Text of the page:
Versatile Uses for 6 Essential Storage Items

Repurpose these six iconic products and you’ll be thinking outside the box, for less.

By Janice Lieberman from Reader's Digest | September 2010

Hanging Shoe Bag Depending on construction, a 24-pocket shoe bag costs from $9 at walmart.com to $19.49 plus shipping at linensandthings.com.

Bathroom: Hang over a door and fill with combs, brushes, hair spray, antiseptic spray, and bandages.

Car: Place over the front seat and stow toys, games, pens, and snacks.

Entry closet: Store gloves, mittens, scarves, and hats in winter; in summer, stuff with flip-flops, sunscreen, and bug spray.

Utility closet: Use to stash vacuum attachments, extension cords, cleaning supplies, and dust rags.

Nursery: Fill with clothes, diapers, shoes, and infant-care supplies.

Basement/garage: Stow spray-paint cans, tubes of caulk, paintbrushes, rollers, and pints of paint.

Closet: Round up phones, iPods, cameras, cords, and chargers.

Bedroom: Free up a drawer. Use the hanging bag for socks and underwear.

Versatile Uses for 6 Essential Storage ItemsImage Courtesy: Linens 'n Things Hold N Storage Natural Canvas Over The Door Organizer with Mirror, Available at Linens 'n Things
Clear plastic boxes: These handy boxes—some with adjustable dividers—have up to 24 compartments. globalindustrial.com sells the largest size in lots of five for $31.50 plus shipping.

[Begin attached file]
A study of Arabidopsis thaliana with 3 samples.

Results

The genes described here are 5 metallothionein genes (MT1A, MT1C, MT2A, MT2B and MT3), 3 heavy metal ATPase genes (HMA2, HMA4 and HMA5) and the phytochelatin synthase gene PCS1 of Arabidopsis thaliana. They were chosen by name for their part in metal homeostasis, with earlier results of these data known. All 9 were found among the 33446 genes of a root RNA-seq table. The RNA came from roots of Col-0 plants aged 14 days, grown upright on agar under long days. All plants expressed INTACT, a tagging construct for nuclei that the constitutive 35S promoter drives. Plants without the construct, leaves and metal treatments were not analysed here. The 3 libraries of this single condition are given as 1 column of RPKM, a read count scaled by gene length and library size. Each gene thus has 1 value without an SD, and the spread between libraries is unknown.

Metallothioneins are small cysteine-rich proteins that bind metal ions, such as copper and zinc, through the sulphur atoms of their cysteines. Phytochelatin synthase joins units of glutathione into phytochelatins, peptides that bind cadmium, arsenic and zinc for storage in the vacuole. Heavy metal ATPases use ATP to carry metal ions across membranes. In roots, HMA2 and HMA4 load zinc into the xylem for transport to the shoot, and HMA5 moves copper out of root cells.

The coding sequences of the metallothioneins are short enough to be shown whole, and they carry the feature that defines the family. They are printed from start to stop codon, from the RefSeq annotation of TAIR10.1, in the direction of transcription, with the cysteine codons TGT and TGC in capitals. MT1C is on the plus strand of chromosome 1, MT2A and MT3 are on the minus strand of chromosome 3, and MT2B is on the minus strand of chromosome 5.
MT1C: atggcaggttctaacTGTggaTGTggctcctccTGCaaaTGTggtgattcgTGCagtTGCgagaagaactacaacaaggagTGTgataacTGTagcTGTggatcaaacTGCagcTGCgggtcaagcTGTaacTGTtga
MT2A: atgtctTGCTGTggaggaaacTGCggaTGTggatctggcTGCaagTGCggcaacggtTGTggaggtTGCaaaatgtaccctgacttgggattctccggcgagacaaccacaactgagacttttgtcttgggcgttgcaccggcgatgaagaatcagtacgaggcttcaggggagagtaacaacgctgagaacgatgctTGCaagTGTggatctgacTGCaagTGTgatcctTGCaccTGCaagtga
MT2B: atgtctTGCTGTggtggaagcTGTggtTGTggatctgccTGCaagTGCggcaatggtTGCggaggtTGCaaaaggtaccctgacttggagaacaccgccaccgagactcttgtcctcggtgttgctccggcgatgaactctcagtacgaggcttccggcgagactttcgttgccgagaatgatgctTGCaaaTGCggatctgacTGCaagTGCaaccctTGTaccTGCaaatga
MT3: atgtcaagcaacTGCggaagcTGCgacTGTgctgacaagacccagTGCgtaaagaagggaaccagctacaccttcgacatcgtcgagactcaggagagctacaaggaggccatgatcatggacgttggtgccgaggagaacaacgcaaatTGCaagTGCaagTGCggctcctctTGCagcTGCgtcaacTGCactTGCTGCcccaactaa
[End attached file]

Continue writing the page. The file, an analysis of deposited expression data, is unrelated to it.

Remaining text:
Office: Stash paper clips, rubber bands, and adhesive notes.

Child’s room: Stow Barbie’s accessories in one place.

Crafts: Buttons, beads, glue sticks, needles, thread, and other supplies stay handy and portable.

Rubbermaid/Sterilite bins I use these to store cleats, baseball bats and mitts, and lacrosse and hockey sticks. Home Depot, Target, and Lowe’s charge from $4 to $10.

Office: Professional organizer Donna Smallin likes these for stowing tax returns—records you must keep but don’t access often.

Recycling: These bins make a trip to the recycling center even easier.

Moving: Many moving companies get several dollars for a cardboard box—and that’s not counting the tape or time it takes to construct one. The bins are sturdier and can survive a flood in the basement.

Clear plastic shoe boxes My friend Sharon Danzger, a personal organizer, buys these by the case (of 20) at The Container Store, so the price for the ladies’ shoe box drops from $1.79 each to $1.49.

Bedroom: Stow rolled-up belts and your scarves, panty hose, and socks.

Office: Donna Smallin files all her incoming bills in one, along with a calculator, her checkbook, a pen, envelopes, and stamps.

Medicine cabinet: Georgene Lockwood, author of The Complete Idiot’s Guide to Organizing Your Life, assembles a “cold kit,” with everything needed to treat a cold or flu.

Refrigerator: Organize bottles and jars on fridge shelves.

Tubtrugs: These sturdy, flexible carriers—built to tote garden tools and lug weeds—come in four- to 20-gallon sizes and various colors at gardeners.com and tubtrugs.com.

Front door: Keep one by the door for library books.

Living room: Use one to carry in your firewood from the woodpile.

Closet: The medium-size carrier corrals cleaning supplies and lets you cart them from room to room.

Ziploc bags : After using these for years in the kitchen, I found the large (three gallons), extra-large (ten gallons), and extra-extra-large (20 gallons) sizes, with handles and zippers (about $6 to $10 for five large, four extra-large, or three extra-extra-large).

Gym: Keep sweaty clothes separate from other items in your gym bag.

Garage: Put beach towels and toys in an extra-large bag now, and you’ll know where to find them next June.